A trip around the world with Playing for Change
November 5, 2010
ASPEN – Twelve years ago, Mark Johnson was on his way to a recording session at the Hit Factory, a famed New York City studio that had been the site of sessions by Bruce Springsteen, 50 Cent, Stevie Wonder and Tony Bennett. Nearing the studio, at the Union Square subway station, Johnson was stopped by the sight of two musicians, painted head to toe in white; by the music they played on a nylon string guitar; and by the reaction to this unusual scene.
“It was this phenomenon – no one got on the train. People stopped in their tracks,” Johnson said from his home in Santa Monica. “I got to the studio and realized that the best music I’d ever heard wasn’t made in the studio; it was made on the street.
“I thought, ‘I’m going to bring the studio to the people.”
That idea solidified when Johnson, traveling to Los Angeles to record with Jackson Browne, saw a street performer named Roger Ridley. Johnson asked Ridley, who died in 2005, if he could film him in action.
That was the birth of Playing for Change, a multi-faceted project founded on the idea that there is no better vehicle for uniting people than music. One of the group’s arms – the Playing for Change Band, which is in it second tour of the U.S. – makes its debut Saturday at Belly Up. The eight-member band features musicians from New Orleans, Detroit and Los Angeles, the Netherlands, and several African countries.
The first Playing for Change project was a film, “Playing for Change: A Cinematic Discovery of Street Musicians,” which was made in various U.S. locales. A second film, “Peace Through Music,” went global, with episodes shot on streets and in small clubs in a variety of countries.
Recommended Stories For You
Just how powerful a street singer’s voice – and why Roger Ridley was known by his fellow street performers as “The Voice of God” – was made clear with the “Stand By Me” segment from “Peace Through Music.” The clip was aired on the PBS program “Bill Moyers Journal,” and quickly became a Youtube hit. The clip features numerous musicians, in settings from African alleyways and American streets to Indian reservations and European plazas, singing Ben E. King’s inspirational “Stand By Me.”
In 2007, Johnson created the Playing for Change Foundation, which has built seven music schools around the world. Last year, at the school in Capetown, Titi Tsira, a South African singer, was invited to appear with the Playing for Change band; that performance led to an invitation to become part of the group.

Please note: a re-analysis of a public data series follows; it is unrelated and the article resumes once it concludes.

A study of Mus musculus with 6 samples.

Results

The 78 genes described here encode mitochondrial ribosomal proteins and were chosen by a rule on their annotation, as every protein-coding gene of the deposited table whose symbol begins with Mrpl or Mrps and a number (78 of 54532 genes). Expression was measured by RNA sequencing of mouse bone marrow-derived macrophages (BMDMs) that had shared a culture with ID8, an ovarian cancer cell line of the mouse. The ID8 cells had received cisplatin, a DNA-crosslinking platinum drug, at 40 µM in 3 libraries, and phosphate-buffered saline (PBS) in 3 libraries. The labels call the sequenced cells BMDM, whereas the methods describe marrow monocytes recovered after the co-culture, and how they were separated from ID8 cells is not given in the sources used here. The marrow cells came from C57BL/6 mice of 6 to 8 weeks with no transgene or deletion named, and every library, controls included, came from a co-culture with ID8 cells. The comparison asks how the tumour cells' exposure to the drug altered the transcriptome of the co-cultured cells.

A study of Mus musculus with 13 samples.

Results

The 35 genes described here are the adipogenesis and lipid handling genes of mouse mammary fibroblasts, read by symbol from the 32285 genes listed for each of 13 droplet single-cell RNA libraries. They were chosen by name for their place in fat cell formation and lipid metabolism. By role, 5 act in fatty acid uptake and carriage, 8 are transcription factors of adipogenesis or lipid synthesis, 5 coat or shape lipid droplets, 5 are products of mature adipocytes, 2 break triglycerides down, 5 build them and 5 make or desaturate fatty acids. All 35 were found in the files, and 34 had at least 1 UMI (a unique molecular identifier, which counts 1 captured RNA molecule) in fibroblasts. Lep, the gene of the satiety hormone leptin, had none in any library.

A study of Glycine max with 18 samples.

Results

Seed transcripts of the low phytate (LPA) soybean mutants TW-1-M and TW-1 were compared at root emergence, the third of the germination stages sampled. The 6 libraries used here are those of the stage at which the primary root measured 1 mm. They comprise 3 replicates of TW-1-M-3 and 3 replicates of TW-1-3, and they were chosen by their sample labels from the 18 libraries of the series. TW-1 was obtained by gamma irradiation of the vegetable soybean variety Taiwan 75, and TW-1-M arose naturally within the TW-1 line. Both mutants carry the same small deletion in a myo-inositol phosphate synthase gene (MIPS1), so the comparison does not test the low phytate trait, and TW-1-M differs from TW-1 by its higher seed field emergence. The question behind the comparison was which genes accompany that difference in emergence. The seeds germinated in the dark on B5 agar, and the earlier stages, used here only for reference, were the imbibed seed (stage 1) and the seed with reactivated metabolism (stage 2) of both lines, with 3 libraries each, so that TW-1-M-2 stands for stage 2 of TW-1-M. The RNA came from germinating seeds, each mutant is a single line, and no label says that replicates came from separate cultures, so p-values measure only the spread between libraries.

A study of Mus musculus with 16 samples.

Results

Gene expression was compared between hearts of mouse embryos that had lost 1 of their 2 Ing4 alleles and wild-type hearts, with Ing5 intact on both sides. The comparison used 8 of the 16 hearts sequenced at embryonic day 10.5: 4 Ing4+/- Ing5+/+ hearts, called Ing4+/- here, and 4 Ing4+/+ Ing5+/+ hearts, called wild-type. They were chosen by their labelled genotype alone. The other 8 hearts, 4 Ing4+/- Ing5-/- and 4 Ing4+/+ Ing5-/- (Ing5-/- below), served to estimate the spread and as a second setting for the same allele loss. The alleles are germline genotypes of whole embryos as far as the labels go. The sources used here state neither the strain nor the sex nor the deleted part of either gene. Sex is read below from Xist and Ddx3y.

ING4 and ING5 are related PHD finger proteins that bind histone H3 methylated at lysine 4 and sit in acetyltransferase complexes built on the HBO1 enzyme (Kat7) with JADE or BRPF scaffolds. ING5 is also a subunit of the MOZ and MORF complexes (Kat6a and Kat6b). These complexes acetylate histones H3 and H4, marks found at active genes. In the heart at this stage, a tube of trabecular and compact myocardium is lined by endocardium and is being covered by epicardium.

Tsira appears on “Playing for Change Live,” a new CD/DVD package that features her on the a love song that she wrote, “Fela Ngaye.” “Playing for Change Live” also features versions of Bob Marley’s “One Love” and Bobby McFerrin’s “Don’t Worry, Be Happy,” and guest appearances by Ziggy Marley (singing his own “Love Is My Religion”), Toots Hibbert (covering Otis Redding’s “I’ve Got Dreams to Remember”), and Keb’ Mo’.
Tsira had always seen a connection between music and positive social change. Among her career achievements was performing at the All Nations Against Racism in Durban, South Africa.
“This was a movement I’d love to be involved with,” Tsira, who appears tonight at Belly Up, said of Playing for Change. “Musicians collaborating – that’s something I love. You actually learn about the next musician, and that’s what Playing for Change is about – connecting the different countries with music.”
Tsira said that singing with Playing for Change is a different experience than being in bands with all South Africans, as she has done in the past.
“It’s totally different,” she said. “It’s different musicians from different countries. We’re dealing with different rhythms, different backgrounds. This is all different types of music thrown into one basket, and then doing something with it.
“You can take the crowd around the world. One singer will take you to South Africa, the next will take you to Ghana, then to Senegal. It’s a trip.”